Queen Elizabeth II turned 86 today, an occasion publicly marked by 41 gun salutes in Hyde Park and the Tower of London. The Queen is celebrating her actual birthday privately with her family. She will celebrate her official birthday on June 16, by presiding over the annual Trooping of the Colour parade. On Thursday evening, Buckingham Palace will be illuminated with colourful images of the sovereign. Elizabeth II is the most senior monarch ever to reign in the British Isles, having lived longer than Queen Victoria or King George III, who both died at the age of 81. George III was incapacitated by mental illness in his later years and Victoria’s Diamond Jubilee thanksgiving service in 1897 was held on the steps of St. Paul’s cathedral because she could not climb the stairs to reach the church itself. In contrast, the current Queen and her consort, the Duke of Edinburgh, continue to perform a full calendar of public duties, traveling throughout the United Kingdom this year to mark the Diamond Jubilee. Queen Elizabeth, the Queen Mother lived to the age of 101, and there is every indication that her daughter will continue to be an active Head of State for years to come.
Elizabeth II’s long reign has contributed to the popular perception that monarchs should be elder statesmen who can advise Prime Ministers from their wealth of experience. The Queen has worked with a dozen British Prime Ministers and at least one hundred and fifty Commonwealth Heads of Government. In Robert Hardman’s recent study of Elizabeth II’s reign, Our Queen, Prince William discusses how meetings between the Queen and her ministers are appreciated by both parties, stating, “If you think how many meetings she’s had with different prime ministers at different times it’s incredible . . .Some of them must wish she would turn round and tell them what to do! But she always speaks very highly of having these meetings.” Since the Queen has reigned since 1952, she brings six decades of experience in politics and foreign affairs to these meetings. She has also personally met the majority of international leaders who have held office since the 1950s.
Many of the Queen’s contemporaries on the thrones of monarchies worldwide are also older rulers with decades of experience presiding over their kingdoms. The current longest reigning monarch is King Rama IX of Thailand, who is five years the Queen’s junior but succeeded to the Thai throne in 1946. His long reign is famous amongst other long established Heads of State. During his last years before his death in 2005, Prince Rainier III of Monaco was reputedly in the habit of asking his valet each morning, “Has Rama survived the night? Or did I just move up in the ranks?” The King commands immense respect within Thailand as the kingdom’s elder statesman and support for the monarchy may decline when his much less popular only son, Crown Prince Vajiralongkorn succeeds to the throne.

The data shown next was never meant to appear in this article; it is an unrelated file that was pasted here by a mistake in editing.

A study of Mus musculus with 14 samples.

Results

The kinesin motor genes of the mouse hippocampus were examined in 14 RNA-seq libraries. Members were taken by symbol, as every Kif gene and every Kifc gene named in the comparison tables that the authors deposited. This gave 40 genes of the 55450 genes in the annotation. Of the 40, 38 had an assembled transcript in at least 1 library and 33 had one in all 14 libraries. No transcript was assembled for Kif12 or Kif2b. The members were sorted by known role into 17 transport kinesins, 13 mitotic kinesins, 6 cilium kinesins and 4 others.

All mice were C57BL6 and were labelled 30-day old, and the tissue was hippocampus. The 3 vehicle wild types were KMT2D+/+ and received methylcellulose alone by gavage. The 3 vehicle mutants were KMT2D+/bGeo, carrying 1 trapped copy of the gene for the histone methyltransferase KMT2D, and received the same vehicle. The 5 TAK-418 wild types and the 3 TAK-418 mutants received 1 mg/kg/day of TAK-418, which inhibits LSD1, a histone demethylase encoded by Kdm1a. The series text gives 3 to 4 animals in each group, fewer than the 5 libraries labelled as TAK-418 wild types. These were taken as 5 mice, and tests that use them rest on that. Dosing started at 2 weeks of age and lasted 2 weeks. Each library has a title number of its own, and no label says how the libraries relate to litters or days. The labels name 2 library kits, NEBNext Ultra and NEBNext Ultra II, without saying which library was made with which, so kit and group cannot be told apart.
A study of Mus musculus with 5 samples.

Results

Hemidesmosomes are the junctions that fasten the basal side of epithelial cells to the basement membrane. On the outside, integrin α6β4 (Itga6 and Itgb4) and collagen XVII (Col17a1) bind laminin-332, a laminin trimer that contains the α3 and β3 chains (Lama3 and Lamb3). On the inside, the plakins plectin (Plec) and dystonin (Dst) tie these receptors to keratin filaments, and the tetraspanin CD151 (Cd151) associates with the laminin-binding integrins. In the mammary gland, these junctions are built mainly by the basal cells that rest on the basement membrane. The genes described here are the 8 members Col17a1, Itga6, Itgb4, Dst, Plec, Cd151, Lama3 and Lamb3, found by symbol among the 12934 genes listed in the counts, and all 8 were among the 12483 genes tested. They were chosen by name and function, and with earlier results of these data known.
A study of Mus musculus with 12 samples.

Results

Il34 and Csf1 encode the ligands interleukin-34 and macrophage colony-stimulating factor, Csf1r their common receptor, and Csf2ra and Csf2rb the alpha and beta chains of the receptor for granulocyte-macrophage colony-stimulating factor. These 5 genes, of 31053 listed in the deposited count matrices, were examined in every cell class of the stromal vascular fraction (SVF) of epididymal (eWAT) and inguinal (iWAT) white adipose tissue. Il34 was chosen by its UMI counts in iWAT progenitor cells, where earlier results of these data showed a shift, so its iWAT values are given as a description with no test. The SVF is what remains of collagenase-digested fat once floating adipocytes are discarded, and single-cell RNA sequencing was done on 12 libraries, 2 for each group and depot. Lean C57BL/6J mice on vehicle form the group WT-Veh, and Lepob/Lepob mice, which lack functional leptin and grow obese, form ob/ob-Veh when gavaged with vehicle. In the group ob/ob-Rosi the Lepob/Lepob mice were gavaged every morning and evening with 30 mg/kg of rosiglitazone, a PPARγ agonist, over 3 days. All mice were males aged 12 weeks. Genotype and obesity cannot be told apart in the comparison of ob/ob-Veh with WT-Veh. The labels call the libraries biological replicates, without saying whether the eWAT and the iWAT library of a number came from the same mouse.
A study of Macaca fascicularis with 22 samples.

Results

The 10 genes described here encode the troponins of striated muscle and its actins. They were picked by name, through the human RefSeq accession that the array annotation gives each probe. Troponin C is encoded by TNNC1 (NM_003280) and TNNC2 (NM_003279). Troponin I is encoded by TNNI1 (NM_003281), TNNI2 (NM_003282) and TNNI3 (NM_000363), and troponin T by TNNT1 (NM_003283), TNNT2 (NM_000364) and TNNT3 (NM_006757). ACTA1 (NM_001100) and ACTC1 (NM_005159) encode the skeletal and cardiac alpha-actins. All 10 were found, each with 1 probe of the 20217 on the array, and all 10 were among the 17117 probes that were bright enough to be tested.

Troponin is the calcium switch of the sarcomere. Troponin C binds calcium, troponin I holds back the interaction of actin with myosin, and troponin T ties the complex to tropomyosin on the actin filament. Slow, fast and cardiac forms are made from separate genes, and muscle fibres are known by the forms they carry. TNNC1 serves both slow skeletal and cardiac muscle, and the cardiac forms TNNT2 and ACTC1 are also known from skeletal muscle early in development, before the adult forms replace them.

There are numerous other world monarchs who continue to reign in their 70s, 80s and 90s. The birth year for King Abdullah of Saudi Arabia has been estimated to be as early as 1916. Sultan Abdul Halim of Kedah, the Malaysian Head of State was born in 1927. Emperor Akihito of Japan was born in 1933 and King Juan Carlos of Spain and Queen Beatrix of the Netherlands are only a few years his junior, having been born in 1938. This worldwide experience of monarchy as an institution presided over by older monarchs differs from previous eras such as the 1520s, when King Henry VIII of England, King Francois of France, Emperor Charles V of the Holy Roman Emperor and Sultan Suleiman the Magnificent of the Ottoman Empire were all young men, eager to test the strength of their armies and treasuries. When a new generation succeeds to the world’s thrones, they will face the popular expectation that they too will bring longstanding experience and wisdom to the position.
Queen Elizabeth II continues to be an active constitutional monarch in her 87th year. If she still reigns on September 10, 2015, she will surpass Queen Victoria to become the longest reigning monarch in the British Isles.